Two upcycling experts share top tips for furniture flipping, a new homes trend that is both economical and eco-friendly.
With so much time spent in our homes since the start of 2020, this trend was bound to be huge. Once tagged as upcycling or repurposing, ‘furniture flipping’ has inspired the nation to give homes a whole new look without actually buying anything other than decorating materials.
Since late December 2020, there’s been an 88% increase in searches for ‘furniture flipping’, according to the design team at Essential Living, who tipped it as the hot trend for 2021 earlier in the year. This fun, innovative and sustainable way of adding individuality to your home is catching on. You only have to look at Instagram and Pinterest to see multiple sites devoted to furniture reinvention, but how easy is it to get started?
Throughout lockdown, DIY expert Georgina Burnett was saving boxes, old furniture and anything else she could find for ITV’s This Morning, where she features as a guest presenter teaching viewers how to upcycle and restyle their homes.
“People now have far more of a throwaway attitude than when I was a kid,” says the TV presenter, who also juggles roles as a writer, property developer and interiors vlogger. “But that’s because things are much more readily available. Before I throw anything out, I try to think about what I could do with it first. Once you’ve salvaged one item, it makes you realise how easy and satisfying upcycling is.”
Start by buying second hand
A seasoned DIY expert, Georgina has plenty of tips for those looking to try their hand at furniture flipping. “I think the main thing is to start small,” she says. “You often see these vintage nest tables at charity shops and something like that is a great place to start.”
Indeed, her own home is filled with repurposed salvaged finds, from a kitchen table she picked up from someone’s driveway (with a note saying it was OK to take, of course) to a stained chaise longue she found on Gumtree. “One of the things I say to people trying to make a home for themselves is to buy furniture second-hand rather than new,” she explains. “We’re so used to buying items that everybody else has, but you can take an item that nobody wants, upcycle it and make it into something unique, all while saving yourself a lot of money.”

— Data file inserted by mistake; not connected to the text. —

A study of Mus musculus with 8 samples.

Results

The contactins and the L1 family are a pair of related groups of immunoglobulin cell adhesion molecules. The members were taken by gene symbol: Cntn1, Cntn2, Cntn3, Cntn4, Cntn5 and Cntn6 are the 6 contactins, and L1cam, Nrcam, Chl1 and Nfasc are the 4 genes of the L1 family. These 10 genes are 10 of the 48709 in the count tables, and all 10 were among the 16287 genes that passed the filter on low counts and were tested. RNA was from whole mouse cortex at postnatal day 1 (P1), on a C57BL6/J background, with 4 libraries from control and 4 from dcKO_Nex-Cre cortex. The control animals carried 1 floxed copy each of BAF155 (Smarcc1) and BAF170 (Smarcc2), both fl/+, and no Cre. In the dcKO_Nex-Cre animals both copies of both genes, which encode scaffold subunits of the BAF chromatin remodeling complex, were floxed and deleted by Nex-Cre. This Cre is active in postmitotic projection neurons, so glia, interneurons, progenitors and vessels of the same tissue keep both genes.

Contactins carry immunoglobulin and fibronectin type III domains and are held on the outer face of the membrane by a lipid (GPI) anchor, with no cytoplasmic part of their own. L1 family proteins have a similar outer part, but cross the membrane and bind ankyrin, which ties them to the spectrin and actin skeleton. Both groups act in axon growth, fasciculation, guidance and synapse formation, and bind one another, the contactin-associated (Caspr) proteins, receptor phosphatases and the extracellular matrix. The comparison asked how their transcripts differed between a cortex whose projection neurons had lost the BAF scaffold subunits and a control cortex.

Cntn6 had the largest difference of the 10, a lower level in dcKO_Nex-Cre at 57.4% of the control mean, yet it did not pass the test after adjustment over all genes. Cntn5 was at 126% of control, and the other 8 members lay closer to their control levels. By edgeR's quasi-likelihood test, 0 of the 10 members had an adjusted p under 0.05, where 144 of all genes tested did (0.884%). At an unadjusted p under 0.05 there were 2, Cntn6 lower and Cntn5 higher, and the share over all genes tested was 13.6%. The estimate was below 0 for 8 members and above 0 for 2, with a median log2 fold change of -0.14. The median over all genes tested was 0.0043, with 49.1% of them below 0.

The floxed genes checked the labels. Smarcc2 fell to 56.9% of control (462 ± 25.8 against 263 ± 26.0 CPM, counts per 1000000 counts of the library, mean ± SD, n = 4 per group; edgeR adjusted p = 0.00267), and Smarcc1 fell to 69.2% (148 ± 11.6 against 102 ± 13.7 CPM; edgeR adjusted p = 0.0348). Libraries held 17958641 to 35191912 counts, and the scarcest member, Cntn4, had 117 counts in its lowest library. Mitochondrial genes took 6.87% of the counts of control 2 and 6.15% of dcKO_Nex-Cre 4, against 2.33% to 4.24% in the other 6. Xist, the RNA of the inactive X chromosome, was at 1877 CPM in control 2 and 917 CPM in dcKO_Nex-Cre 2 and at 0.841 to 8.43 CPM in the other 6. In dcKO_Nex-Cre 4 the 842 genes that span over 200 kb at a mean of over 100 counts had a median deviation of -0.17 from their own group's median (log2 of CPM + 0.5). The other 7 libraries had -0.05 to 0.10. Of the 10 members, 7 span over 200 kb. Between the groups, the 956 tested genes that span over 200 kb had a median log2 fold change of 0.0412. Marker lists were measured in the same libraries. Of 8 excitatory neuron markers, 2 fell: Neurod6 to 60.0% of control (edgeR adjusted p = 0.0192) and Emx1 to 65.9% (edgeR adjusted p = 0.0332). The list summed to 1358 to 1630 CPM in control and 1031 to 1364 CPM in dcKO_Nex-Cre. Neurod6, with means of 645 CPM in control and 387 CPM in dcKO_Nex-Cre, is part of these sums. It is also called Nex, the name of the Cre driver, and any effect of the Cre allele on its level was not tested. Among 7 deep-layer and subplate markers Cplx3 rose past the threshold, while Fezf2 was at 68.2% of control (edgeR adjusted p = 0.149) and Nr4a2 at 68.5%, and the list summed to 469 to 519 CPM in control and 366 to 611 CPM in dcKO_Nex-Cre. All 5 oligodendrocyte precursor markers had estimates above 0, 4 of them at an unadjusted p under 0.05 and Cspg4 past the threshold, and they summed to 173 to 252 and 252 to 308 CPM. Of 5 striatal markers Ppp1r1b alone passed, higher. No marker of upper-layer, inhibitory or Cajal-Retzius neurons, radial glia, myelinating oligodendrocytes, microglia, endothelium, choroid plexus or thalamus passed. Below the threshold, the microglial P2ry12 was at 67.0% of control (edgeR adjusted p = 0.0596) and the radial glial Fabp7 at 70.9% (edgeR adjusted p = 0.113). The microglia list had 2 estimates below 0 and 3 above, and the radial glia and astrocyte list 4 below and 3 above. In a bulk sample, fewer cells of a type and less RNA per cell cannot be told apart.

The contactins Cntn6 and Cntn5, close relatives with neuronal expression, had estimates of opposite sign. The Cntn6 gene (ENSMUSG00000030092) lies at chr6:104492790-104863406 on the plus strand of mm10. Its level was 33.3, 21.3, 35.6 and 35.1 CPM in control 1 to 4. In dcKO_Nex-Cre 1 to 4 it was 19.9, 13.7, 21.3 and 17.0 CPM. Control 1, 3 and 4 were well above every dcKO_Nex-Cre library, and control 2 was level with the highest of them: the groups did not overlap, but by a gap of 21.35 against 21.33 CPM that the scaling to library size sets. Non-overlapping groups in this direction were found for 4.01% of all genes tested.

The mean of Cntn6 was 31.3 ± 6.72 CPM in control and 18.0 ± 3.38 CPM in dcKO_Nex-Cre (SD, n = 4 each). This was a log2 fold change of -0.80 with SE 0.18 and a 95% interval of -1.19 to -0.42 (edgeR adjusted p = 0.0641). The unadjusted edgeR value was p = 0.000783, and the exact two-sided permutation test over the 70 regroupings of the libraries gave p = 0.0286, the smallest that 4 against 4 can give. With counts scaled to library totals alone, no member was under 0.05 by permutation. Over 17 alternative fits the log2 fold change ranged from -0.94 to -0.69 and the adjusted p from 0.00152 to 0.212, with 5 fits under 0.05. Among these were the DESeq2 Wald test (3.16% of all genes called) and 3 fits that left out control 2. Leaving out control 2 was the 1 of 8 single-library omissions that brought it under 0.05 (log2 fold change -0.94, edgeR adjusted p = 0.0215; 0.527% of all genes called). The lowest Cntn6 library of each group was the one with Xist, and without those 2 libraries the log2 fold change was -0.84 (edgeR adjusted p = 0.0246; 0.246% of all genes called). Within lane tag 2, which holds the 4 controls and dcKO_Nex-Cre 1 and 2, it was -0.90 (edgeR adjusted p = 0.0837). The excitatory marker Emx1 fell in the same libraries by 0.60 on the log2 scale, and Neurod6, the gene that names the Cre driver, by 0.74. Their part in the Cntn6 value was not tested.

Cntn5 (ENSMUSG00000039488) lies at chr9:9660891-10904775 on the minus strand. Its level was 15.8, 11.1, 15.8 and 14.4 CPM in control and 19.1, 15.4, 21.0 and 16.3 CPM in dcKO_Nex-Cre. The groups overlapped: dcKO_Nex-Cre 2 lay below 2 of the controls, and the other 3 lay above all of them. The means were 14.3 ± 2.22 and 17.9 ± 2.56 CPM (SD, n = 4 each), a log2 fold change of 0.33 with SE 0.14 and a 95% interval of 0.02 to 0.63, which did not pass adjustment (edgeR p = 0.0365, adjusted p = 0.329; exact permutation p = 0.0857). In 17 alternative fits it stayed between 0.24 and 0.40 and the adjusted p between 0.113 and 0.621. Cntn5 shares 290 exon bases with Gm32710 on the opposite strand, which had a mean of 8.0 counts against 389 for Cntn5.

Choosing chalk paint lets you fix your mistakes
Another recommendation comes in the form of chalk paint, as a simple yet game-changing tool. “It’s really easy to work with and if you go wrong, you can just get a damp cloth and wipe it off before you’ve waxed it,” Georgina explains. What’s more, it can be applied to almost any material, including fabric. “To reupholster is quite a skill, and to pay someone to do it often costs more than the furniture itself. My daughter helped me to paint my grandmother’s old fabric armchair when she was about two years old — that’s how simple it is.”
Go pro and paint wooden furniture
If you’ve got the opportunity to inherit or purchase some old wooden furniture, don’t be put off by the fact it looks out of place in a contemporary style setting. Second-hand vintage expert Kate Beavis reveals how to paint old furniture like a pro. Likely to have been treated with paint or varnish over the years, pieces have often collected dirt and grease, so she explains: “When painting a piece of furniture, preparation is key to a good finish. Make sure you take time to clean it to remove all dust, sand the item, then prime it before you paint
Once it’s painted, you can elevate the design even further by replacing or installing handles. And if you don’t like how it looks on the inside, you can create a hidden flash of character by lining it with wallpaper.